Audit Conduct


In May 2019, the Public Company Accounting Oversight Board (PCAOB) issued new guidance on the application of Rule 3526(b) Communications with Audit Committees Concerning Independence (Staff Guidance).  That rule requires the auditor to identify in writing to the audit committee any relationships between the auditor and the client and the client’s key persons that might affect independence and discuss with the committee the potential effects of these relationships on the firm’s independence. The auditor then needs to affirm in writing to the audit committee that the firm is independent in compliance with PCAOB Rule 3520, Independence, and document the substance of its discussion about independence with the audit committee.  

PCAOB inspectors have noted that in certain cases, auditors have affirmed their independence despite the existence of one or more violations of the independence rules. Thus, the Staff guidance addresses how an auditor should communicate such violation(s) to the audit committee once they have each determined that the violation did not impair the auditor’s independence in fact or appearance. The Staff references the following fact pattern as being most prevalent in these cases:  

1) An auditor analyzes the facts and circumstances related to an independence violation and concludes that the firm was capable of exercising objective and impartial judgment in performing the audit;

2) The violation has been or is currently being resolved;

3) The auditor communicates the matter and its analysis to the client’s audit committee;

4) The audit committee evaluates the information and agrees with the auditor’s conclusion; and

5) The audit committee and auditor agree to continue the audit engagement because, despite the violation, a reasonable and informed investor would conclude that the firm remained independent.

The Staff Guidance outlines several additional steps the auditor should perform in these situations. First, the auditor should discuss each violation and its analysis with the audit committee and document the substance of those discussions. If multiple violations occurred during the year, the auditor should provide the audit committee a separate analysis of each violation, stating the firm’s rationale as to why the violations in the aggregate did not impair the firm’s independence either in fact or appearance. Lastly, the auditor should affirm in writing to the audit committee that, except for the violation(s) expressly identified, the auditor would be independent in compliance with Rule 3520. The Staff Guidance suggests language that the auditor may consider.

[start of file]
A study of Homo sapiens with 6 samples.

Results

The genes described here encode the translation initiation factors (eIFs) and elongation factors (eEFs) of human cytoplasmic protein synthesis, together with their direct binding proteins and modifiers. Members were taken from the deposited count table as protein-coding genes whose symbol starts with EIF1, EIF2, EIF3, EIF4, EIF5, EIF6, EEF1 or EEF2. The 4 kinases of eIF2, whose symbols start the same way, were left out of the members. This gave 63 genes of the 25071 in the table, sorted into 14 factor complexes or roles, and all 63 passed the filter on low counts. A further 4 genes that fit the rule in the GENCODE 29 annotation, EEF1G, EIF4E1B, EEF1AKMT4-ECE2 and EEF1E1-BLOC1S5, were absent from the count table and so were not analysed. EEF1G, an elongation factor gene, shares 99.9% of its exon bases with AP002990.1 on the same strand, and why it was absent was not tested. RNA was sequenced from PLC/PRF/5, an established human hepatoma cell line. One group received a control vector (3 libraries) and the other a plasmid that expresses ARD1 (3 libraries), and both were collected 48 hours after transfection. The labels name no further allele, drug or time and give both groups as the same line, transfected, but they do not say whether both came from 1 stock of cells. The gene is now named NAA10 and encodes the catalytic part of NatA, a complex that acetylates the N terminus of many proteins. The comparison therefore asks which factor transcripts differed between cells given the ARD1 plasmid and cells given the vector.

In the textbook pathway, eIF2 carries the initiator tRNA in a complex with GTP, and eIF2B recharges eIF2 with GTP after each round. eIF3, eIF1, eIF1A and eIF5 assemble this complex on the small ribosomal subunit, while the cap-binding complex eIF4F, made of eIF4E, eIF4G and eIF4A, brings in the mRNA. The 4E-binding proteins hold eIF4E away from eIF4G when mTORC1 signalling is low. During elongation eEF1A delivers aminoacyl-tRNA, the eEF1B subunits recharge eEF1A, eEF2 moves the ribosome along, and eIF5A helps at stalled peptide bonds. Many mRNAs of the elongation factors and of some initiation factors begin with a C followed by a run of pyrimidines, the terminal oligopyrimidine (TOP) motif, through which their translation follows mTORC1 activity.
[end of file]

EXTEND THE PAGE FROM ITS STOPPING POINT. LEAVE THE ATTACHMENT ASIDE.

Prior to issuance of this guidance, in these circumstances, auditors typically would affirm independence without any reference to violating the rule(s). They may or may not have addressed violations in the aggregate (if applicable) or documented the substance of any discussion(s) about the violation(s) with the audit committee. Therefore, for firms performing the steps outlined in 1-5 above, these steps represent additional procedures that auditors should consider when independence violations are identified. If a firm has even less formal means of communicating violations than the description provided in 1–5 above, the firm should carefully consider incorporating the new guidance in its entirety.

An important caveat: following the process outlined in the guidance does not "cure" the violation(s) of Rule 3520. The guidance applies only to the auditor’s communication of the violation(s) to the audit committee; it does not address the violation itself. The firm and the audit committee may wish to consult with the SEC Staff on specific matters.

Other highlights

A violation addressed with the audit committee in a prior year need not be included in a subsequent year's communication with the committee if no new facts have come to light that would change the resolution of the prior violation.  In those cases, the auditor may affirm independence in the current year, if as of the date of the communication, the firm is independent in accordance with Rule 3520. This presumes the auditor has fully resolved the violation and no new instances have occurred in the current period.

Following the process outlined in this guidance allows the auditor to continue to use the title, "Report of Independent Registered Public Accounting Firm" in its audit report, as that title does not constitute a specific assertion about compliance with Rule 3520.

Note: Staff Guidance sets forth the Staff's views on issues related to the implementation of PCAOB standards. The statements contained in Staff Guidance are not rules of the Board, have not been approved by the Board and do not reflect any PCAOB determination or judgment about the conduct of any auditor.